Immerses You Emotionally
"Sarbjit" is a biopic of Sarabjit Singh Aitwal, a farmer from Punjab's Bhikhiwind, arrested in Pakistan for crossing the border on August 28, 1990. But in reality, it is the 23-year-old journey of his sister, Dalbir Kaur, depicting her trials and tribulations in the course of her endeavour to bring back, from Pakistan, her brother, who is convicted for a series of bomb blasts and charges of terrorism.
Aishwarya Rai Bachchan as Dalbir Kaur puts her heart and soul into her character. She delivers a fairly robust performance and evokes sympathy, not merely on the strength of her performance, but because of the powerful character she depicts. Unfortunately, even after modulating her voice and emulating the mannerisms of a Punjabi, by no stretch of imagination, can she pass of as a "Sikhni" one is made to believe she is.
Randeep Hooda as Sarbjit steals the show. His transition, physically and mentally from a happy-go-lucky man to an anguished imprisoned soul, is palpable.
Richa Chadda, in a fairly restrained manner, manages to make her presence felt as Sarbjit's wife Sukhpreet, whom he fondly called "Sukhia. So does Darshan Kumaar as Owais Sheikh, Sarbjit's lawyer in Pakistan. The rest of the cast too is natural and convincing.
Director Omang Kumar who had earlier delivered "Mary Kom", has handled the film fairly adroitly. Scripted in a non-linear fashion, the film starts off on an uneven note and gradually as the narration progresses, it settles on an even keel to unravel the compelling drama.
By avoiding the controversies that surround Dalbir Kaur and the existence of her other siblings, scriptwriters Utkarshini Vashishtha and Rajesh Beri's screenplay skilfully manoeuvres the narration, to stir a sense of patriotism among the audience.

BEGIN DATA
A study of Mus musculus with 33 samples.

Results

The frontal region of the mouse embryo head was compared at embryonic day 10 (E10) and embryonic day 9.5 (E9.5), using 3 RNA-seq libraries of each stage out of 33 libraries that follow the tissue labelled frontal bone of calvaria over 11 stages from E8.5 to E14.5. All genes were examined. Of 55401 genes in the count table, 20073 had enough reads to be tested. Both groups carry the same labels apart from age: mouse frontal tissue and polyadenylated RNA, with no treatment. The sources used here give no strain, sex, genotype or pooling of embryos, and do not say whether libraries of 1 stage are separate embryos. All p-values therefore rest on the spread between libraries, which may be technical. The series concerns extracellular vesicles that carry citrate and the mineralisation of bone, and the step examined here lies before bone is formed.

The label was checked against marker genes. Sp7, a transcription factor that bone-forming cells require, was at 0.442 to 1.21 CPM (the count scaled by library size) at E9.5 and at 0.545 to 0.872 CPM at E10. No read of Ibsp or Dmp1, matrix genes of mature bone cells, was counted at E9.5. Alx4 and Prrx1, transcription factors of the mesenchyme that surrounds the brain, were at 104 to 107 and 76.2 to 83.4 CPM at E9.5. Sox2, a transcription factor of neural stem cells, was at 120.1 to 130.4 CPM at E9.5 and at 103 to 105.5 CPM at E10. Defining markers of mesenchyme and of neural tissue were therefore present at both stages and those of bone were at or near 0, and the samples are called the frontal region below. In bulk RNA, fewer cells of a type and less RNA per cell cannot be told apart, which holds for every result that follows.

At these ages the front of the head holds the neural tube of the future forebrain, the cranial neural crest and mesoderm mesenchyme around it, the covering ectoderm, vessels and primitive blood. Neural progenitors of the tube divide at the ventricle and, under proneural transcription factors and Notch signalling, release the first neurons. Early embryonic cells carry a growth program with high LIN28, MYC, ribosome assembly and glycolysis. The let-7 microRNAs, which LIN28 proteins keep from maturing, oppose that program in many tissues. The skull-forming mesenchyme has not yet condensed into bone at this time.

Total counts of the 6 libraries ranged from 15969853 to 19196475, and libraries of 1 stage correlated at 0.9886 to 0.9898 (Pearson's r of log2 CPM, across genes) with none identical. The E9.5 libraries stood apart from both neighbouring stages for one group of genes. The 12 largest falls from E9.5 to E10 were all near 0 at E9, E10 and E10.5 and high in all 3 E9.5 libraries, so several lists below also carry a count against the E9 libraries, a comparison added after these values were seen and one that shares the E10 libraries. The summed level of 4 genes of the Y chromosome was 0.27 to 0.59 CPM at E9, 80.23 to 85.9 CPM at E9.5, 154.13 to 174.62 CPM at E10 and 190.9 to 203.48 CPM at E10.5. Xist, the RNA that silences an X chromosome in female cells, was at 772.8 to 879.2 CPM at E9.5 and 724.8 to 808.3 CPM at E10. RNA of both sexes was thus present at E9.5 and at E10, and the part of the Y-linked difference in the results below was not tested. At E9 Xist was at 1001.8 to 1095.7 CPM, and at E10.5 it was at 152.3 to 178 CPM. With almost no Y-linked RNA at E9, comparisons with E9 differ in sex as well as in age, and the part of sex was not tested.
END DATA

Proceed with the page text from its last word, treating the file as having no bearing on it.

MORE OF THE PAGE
The film is emotionally draining. It brings tears to your eyes. The dialogues are everyday speech, but there are instances when the lines are dramatic and uplift the scenes. This is obvious in the scene where Sarbjit speaks to his lawyer Owais in the prison.
Some of the scenes in the film, seem inspired by classics. This is particularly evident. when Sarabjit breaks down emotionally and cries, "Save me sister, save me." This particular shot reminds you of a scene in Ritwik Gathak's "Meghe Dake Tara", where the heroine pleads to her brother to save her. Here the scene may not be as dramatic as in Ghatak's film but is eventually effective.
With excellent production values, the film is well-mounted. The cinematography by Kiran Deohans is steady and remarkable. With brilliant lighting, his frames are atmospheric. With his wide-angle lenses and tight close-ups, he brilliantly captures the claustrophobic space and the fine nuances of Randeep's haunting performance.
The sets are realistic and transition of the colour palette, is evident in the costumes of the ladies, which from bright colourful clothes gradually turn into muted hues.
The songs mesh seamlessly into the narration and the background score effectively heightens the viewing experience.
The film is evenly paced with a few lengthy and unwarranted scenes but overall, Sarbjit Aitwal's story is worth a watch, as it touches the right emotional chord.